It was mile 43 of a 56-mile ride and I was very slowly climbing up a hill on a sunny 90-degree Southern California day. Next to me was Megan Olson, a team captain for the Leukemia and Lymphoma's (LLS) "Team in Training" program. She was prodding, cajoling and encouraging me to get to the top of La Tuna Canyon after I had already spent hours riding the hills of Mulholland Drive high above Los Angeles.
Megan, of course, was riding effortlessly. I was out of breath and thinking I was going to keel over any second. Meanwhile, my brain was telling me to "shut the eff up" and stop being such a wimp. My brain would then remind me of how cancer patients are more than willing to endure agonizing treatments just to get a shot at life. That same brain instructed my legs to keep pedaling. My tired legs obliged.
I'm training for a 122-mile bike ride in Las Vegas in September. While trying to get in shape I'm also fundraising for cancer research, specifically for LLS. In exchange for excellent training and coaching, I'm tasked with raising money. I'm riding in memory of my friend, Gregg Gallagher, who passed away from cancer last year, just five months after being diagnosed.
Then, earlier this week, my mother was diagnosed with lung cancer, so the event, to me, has taken on even greater meaning. In my mind I'm training and will be fighting against all forms of cancer during this ride.
When I finally made it up to the top of the hill that day, I had cold water thrown at me amidst the cheers of some of my TNT teammates who were waiting for me. I survived that five-hour ride in the saddle a few weeks ago, and other subsequent ones, and I jokingly thanked Megan for relentlessly bullying me all the way up and not letting me just drop my bike, find a shady spot along the side of the road and take a nap (my fantasy during that stretch of the ride).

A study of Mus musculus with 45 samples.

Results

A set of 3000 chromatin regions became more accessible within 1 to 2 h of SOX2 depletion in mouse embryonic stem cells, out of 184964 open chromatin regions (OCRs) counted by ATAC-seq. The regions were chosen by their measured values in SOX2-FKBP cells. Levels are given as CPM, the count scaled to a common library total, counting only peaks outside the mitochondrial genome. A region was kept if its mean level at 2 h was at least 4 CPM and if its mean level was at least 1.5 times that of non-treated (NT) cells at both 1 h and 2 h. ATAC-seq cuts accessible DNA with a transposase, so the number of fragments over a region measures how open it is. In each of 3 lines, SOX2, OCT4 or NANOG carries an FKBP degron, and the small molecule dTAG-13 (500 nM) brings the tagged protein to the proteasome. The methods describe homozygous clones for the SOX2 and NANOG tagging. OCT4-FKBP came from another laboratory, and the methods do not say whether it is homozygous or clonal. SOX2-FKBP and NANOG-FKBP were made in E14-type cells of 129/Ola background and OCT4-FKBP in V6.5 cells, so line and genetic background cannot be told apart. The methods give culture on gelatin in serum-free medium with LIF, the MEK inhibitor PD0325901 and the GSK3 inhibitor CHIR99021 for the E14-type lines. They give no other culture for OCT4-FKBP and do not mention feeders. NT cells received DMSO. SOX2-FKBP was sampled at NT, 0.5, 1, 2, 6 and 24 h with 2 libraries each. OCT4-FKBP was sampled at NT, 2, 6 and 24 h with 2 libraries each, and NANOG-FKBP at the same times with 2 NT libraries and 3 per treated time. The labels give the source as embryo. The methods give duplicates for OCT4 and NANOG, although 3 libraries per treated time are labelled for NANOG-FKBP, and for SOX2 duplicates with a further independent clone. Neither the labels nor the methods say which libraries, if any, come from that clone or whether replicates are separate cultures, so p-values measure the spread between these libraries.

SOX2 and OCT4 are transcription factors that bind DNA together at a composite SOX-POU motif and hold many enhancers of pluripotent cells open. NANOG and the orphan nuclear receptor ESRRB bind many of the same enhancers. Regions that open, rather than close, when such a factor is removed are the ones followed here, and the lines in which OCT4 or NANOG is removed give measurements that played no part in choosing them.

I joke that I am redefining the word "fun." It's now synonymous with the torture, pain and suffering cyclists encounter while climbing hills. I've grown to love it, weirdly enough.
And to think that my road cycling obsession began so innocently.
My boyfriend and I live two blocks from the ocean and the sight of the spandex hordes riding up and down Pacific Coast Highway is as common as all the folks pedaling around Old Town Seal Beach in their beach cruisers wearing flip-flops.
We bought hybrids, along with a trailer for our young autistic son, and would take leisurely family rides on the Long Beach bike path with a view of the Queen Mary or up the San Gabriel River Trail. The first time we rode the entire six miles to El Dorado Park, I remember thinking, wow, we're really racking up the miles now!
The spandex crowd intrigued me because they were so weird with their crazy outfits and their fancy, super-skinny bikes that would zoom past us in a blur. And it was clear these guys and gals weren't messing around. They were serious riders with serious expressions. In stern voices they would authoritatively yell "to your left" as they sped past us on the bike path.
They made me feel slow and plodding in my hybrid bike, a cross between a cruiser and a mountain bike. I did not like feeling slow and plodding. I wanted to be fast and sleek.
When my boyfriend suggested we ride in the 31-mile Tour of Long Beach, which benefits Miller's Children's Hospital in Long Beach, I thought he was nuts. That would take us all day! It's amusing how that seemed so daunting to us back then. But I was game, we did it and it was fun (the kind of fun without any hills involved).
That ride was the beginning of my point of no return, or AKA, mid-life crisis. So, I could ride 31 miles? Wonder what else I could do?
Days later I heard about the Las Vegas ride. It will take us from the Vegas Strip to the Hoover Dam and around to the Red Rock Canyon National Conservation Area. The last 20 miles of the ride consist of steep hills. It sounded absolutely insane. I knew I had to sign up.
We were fortunate enough to benefit from a charity called Bicycle Angels. They loan out road bikes to poor schmucks like us who don't own road bikes (yet) but still want to participate in charity rides.
I'll be honest about the training for this thing. It's tougher than Navy boot camp. But then again, I was about 25 years younger and "in shape" just by virtue of being a teenager.
Blame it on my stubborn personality and military background. I was stationed with a bunch of fighting Seabees where "can do" is more than just a motto. "No" and "failure" are not options for this middle-aged lady whose brain thinks she's still 18 but whose body has moved on from that age long ago.
I've been thinking of this Friedrich Nietzsche quote a lot recently: "That which does not kill us makes us stronger." I've also been mulling "mind over matter" a lot too.
I'm counting on that kind of thinking to get me up those hills. Wish me luck.